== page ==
Tuesday, April 10, 2012

Wrestle Until Death

I got the news over six months late that a friend of mine passed away. He died just a few days after I left for Basic Combat Training last fall and I was cut off from the outside world. The unexpected news hit me hard this morning. We lived on a tight knit floor of about 40 guys in college and he was a freshman when I was a junior. My buddy was wrestling with what it meant to follow Jesus, to be out on his own and making his own decisions. That's a good place to be- especially for an 18 year-old. And the group of guys on that floor known as the 2A Titans couldn't have been a better place for him to wrestle.

I got to mentor a few underclassmen that year and whether he knew it or not, he was one of them. Most of those freshmen I met for breakfast on a regular basis and we'd talk about life, but this guy wasn't ready for that. So I worked out with him, took him skydiving, and brought him along to the occasional Bible study. The next year he decided the school wasn't for him. We didn't talk much after that and the last I heard before this morning was that he spent his summers on a fishing boat in Alaska and went to another Christian school closer to home.

I haven't mourned in a long time, but I stood in the kitchen this morning and just let the tears stream down. No sooner, could I hear the voice of my Lord reminding me of the death of his friend Lazarus and how he got there too late- his friend was in a tomb and Jesus just wept. I know the rest of the story and that Jesus raises Lazarus from the dead, so I asked him, "Why were you weeping for your friend when you knew you could do this?" And he answered me, "because this is not how it was supposed to be." When Jesus breathed life into Adam he never intended on one day taking it from him, but the penalty of sin is death. Jesus wept because he was a man who lost a friend he loved and that wasn't part of the plan. Not for Lazarus, not for my friend, or for you or me.

The news of his death hit hard because I don't know what happened to him in the last few years, I don't know how his struggle with the Lord was going or if there were any other godly men that stepped in and walked with him. It makes me think of my own brother and how he has been wrestling with the same questions- or if I am completely honest, with my own life and how I still choose to do things my way. The Lord reminded me this morning that just like I know the end of the story with Lazarus, I know the end of this story too. In the end, love wins. Not in a Rob Bell kind of way where everyone gets a free pass to Heaven, but in the way that Jesus described it to Lazarus' mourning sisters: “I am the resurrection and the life. Whoever believes in me, though he die, yet shall he live, and everyone who lives and believes in me shall never die." In the end we are perfected by Jesus' love.

I'm at peace knowing my friend placed his faith in Christ, and that my brother has, and that I have. From there I pray that we would all continue to wrestle with who Jesus is. Take the blows and the punches, the highs and lows all in stride as our savior shapes and refines you to be more like himself. Let the Lord strip away any false pride that you have have that would lead you to believe that your own righteousness is any less filthy than your brother next to you. Believe in the one who came to save you and wrestle with him until death.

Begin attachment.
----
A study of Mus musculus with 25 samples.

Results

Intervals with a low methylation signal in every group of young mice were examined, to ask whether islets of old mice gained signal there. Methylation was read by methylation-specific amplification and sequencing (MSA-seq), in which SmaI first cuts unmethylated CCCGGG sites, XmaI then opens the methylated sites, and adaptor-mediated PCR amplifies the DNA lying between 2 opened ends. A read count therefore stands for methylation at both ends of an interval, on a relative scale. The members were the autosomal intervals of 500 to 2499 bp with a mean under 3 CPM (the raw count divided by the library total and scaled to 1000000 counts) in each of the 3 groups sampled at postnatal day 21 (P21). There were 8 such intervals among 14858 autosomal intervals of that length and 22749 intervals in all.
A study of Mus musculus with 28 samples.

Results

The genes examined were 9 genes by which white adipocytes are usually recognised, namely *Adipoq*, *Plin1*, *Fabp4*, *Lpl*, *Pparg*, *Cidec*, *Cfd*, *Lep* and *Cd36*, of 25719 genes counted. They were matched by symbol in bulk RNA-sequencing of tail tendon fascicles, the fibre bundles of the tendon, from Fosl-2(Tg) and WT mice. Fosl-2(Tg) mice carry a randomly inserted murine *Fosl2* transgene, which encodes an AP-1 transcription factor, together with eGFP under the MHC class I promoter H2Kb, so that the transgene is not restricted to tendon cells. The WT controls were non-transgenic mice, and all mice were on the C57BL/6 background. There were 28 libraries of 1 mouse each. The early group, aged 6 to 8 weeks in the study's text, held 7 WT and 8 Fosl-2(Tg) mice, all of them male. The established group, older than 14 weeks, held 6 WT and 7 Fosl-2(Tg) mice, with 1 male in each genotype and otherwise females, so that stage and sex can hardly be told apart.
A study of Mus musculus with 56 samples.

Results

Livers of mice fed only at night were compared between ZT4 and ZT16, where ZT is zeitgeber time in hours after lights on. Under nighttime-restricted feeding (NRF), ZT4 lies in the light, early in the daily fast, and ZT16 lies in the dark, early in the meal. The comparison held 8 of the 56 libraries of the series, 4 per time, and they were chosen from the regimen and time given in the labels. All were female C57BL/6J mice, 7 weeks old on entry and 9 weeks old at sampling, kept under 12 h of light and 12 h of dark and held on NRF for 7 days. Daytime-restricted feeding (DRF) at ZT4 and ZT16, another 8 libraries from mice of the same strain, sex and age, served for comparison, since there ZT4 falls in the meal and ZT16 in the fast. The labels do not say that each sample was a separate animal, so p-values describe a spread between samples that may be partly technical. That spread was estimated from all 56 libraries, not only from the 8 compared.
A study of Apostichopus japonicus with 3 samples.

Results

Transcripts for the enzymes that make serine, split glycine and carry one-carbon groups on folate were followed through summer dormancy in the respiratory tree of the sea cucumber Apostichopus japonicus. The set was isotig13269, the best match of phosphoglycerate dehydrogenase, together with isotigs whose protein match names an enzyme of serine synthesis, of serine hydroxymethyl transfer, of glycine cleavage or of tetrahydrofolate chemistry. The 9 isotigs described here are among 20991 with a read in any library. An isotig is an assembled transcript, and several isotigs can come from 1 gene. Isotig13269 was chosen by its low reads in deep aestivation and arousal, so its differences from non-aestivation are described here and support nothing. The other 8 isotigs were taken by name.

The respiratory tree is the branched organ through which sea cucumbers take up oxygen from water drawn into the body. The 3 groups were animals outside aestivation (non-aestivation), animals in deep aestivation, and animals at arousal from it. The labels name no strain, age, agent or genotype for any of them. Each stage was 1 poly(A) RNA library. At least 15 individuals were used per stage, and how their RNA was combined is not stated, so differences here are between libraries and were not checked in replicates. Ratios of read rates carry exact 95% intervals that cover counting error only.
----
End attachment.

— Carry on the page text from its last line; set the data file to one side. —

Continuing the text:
His name, Josiah, means "healed by Yahweh" and right now, the same Jesus- the same Yahweh that started a good work in him has carried it out to completion and Josiah couldn't possibly be any more healed than he is now. See you soon brother.
2nd Titan Airborne


  1. This hardly seems like the appropriate occasion to launch into a theological discussion and I am very sorry for your loss. Nevertheless, a couple things you said stuck in my mind.

    1.) The reason for Jesus weeping:
    My thought has been that Jesus was not weeping so much out of a feeling of personal loss (though I think we should appreciate His distaste for death itself), but more so out of compassion for those who were mourning (John 11:33).

    2.) God's plan:
    Does anything exist or happen apart from God's plan? It is true that God is holy and remains separate from all that is sinful and corrupt, but can anything thwart God in any way so that He would need to implement a plan B? (Romans 8:28-30; Ephesians 3:10-11)

    I would be interested to hear your thoughts on these points.

  2. Thanks, Mark. Those were both questions I was thinking through as I was writing this morning. As I come to know more and more about who Jesus is, I can't help but realize how much I've looked over the complete humanity of Christ. It is a lot easier for me to think of Jesus as fully God and forget that at the same time he was also fully man. That being the case, I think it is totally reasonable to infer from the story in John that Jesus felt loss- just as you or I feel loss when we lose someone we love. I also think that with everything going on in the scene it is probable that it wasn't just one thing that made Jesus break down. Human emotion is a complex creation. So did he weep out of compassion for the others as well? I'm sure.

    Did Adam & Eve's sin surprise God? Absolutely not. Was his intention to set them up for failure in a paradise he only intended to last a short while? Absolutely not. I don't think it's worth getting in a argument over predestination over, but when humanity fell it totally changed the original design where death and separation from God had no part. I am positive that God still choses to work in situations that we mess up. Plan A is that God is glorified, and since day one that's never stopped.